Ninety-four percent women commuting in public transport in the country have experienced sexual harassment in verbal, physical and other forms, reveals a study conducted by development organisation BRAC.
The findings of the study titled 'Roads free from sexual harassment and crash for women' were disseminated at a programme at the Jatiya Press Club in the capital on Tuesday, marking the International Women's Day that falls on Thursday.
A somewhat surprising revelation of the study is that males belonging to relatively older age group of 41-60 years have been identified as the major perpetrators who are responsible for 66 percent of such incidents.
The study also mentioned factors, including lax implementation of law, excessive crowd in buses and weak or no monitoring (such as absence of closed-circuit cameras) as the major causes behind the sexual harassment in roads and public transport, especially in buses.
Prof Syed Saad Andaleeb, Prof Simeen Mahmud, Fahmida Saadia Rahman and Kabita Chowdhury conducted the research.
The research was conducted during a three-month period between April and June, 2017 where a total of 415 women participated in Gazipur, Dhaka, and Birulia of Savar upazila in Dhaka district.
According to the research, 35 percent respondents using public transport said they faced sexual harassment from males belonging to the age group of 19-35 years. Around 59 percent faced such harassment from the males who are 26-40 years old.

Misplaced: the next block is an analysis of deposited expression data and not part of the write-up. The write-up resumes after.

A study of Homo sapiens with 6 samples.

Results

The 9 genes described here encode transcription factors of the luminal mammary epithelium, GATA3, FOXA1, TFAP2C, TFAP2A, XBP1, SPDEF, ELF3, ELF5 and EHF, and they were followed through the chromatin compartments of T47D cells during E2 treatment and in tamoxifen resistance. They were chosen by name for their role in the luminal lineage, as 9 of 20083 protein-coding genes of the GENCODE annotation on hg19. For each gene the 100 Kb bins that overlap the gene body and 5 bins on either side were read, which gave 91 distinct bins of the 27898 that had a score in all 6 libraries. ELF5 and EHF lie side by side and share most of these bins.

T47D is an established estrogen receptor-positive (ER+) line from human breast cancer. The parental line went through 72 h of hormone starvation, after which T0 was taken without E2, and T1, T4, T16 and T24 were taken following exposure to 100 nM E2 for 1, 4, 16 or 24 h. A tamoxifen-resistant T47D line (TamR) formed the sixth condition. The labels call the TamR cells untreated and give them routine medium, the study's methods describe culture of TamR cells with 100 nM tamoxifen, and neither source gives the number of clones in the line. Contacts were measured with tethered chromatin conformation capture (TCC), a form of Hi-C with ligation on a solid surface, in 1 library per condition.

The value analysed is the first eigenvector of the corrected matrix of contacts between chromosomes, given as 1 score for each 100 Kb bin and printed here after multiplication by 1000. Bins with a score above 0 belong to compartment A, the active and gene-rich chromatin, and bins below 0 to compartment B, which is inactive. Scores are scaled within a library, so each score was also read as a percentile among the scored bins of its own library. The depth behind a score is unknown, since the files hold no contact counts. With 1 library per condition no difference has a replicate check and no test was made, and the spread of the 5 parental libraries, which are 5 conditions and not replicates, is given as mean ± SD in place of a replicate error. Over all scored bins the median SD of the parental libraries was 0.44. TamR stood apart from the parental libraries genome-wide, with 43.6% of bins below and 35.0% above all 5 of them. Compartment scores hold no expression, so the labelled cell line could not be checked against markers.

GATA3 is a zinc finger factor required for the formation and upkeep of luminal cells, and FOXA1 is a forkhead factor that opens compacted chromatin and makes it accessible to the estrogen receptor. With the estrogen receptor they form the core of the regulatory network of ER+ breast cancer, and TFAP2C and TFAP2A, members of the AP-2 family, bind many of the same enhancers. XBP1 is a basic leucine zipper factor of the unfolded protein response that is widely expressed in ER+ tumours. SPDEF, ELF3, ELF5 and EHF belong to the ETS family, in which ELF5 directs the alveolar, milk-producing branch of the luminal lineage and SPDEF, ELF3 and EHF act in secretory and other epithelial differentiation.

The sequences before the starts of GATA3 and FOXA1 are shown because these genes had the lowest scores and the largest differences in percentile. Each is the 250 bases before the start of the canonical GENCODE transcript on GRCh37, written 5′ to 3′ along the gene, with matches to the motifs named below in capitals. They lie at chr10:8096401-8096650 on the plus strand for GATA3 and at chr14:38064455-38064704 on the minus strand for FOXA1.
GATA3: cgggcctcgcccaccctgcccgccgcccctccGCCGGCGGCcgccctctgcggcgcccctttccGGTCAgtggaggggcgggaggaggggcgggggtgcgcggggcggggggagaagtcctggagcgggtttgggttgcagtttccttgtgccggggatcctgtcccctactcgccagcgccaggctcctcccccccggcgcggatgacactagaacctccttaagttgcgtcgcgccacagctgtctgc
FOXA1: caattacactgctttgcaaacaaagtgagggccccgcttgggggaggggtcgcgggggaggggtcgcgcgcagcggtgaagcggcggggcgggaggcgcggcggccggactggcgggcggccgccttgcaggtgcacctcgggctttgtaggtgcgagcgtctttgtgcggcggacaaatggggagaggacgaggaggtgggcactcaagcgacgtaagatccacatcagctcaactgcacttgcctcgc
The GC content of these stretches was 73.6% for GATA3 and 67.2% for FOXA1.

The forms of sexual harassment experienced by the respondents include deliberate touching of victim’s body with chest and other parts, pinching, standing too close to the victim and pushing, touching victim’s hair, putting hand on their shoulder, touching private parts of the victim.
Asked what women do when they are victim of such harassments, 81 percent women said they kept silent while 79 percent said they moved away from the place of harassment.
It was observed in the study that the present education system in which male and female children attend institutions separately restricts the scope for learning gender equality lessons as well as building the attitude and habit of treating both the sexes equally and with respect. To help children develop such an attitude, adequate training and counselling of teachers and counsellors are essential, it noted.
Prof Syed Saad Andaleeb said the pervasive nature of sexual harassment on roads and transport calls for a much larger study that will reflect the nationwide scenario in this regard.
Speakers at the event also observed that although commendable progress has been made in the country in terms of women's education and professional engagement, the feeling of insecurity among women is pervasive.
To address the existing issues, they demanded stricter implementation of laws apart from the initiatives to raise public awareness.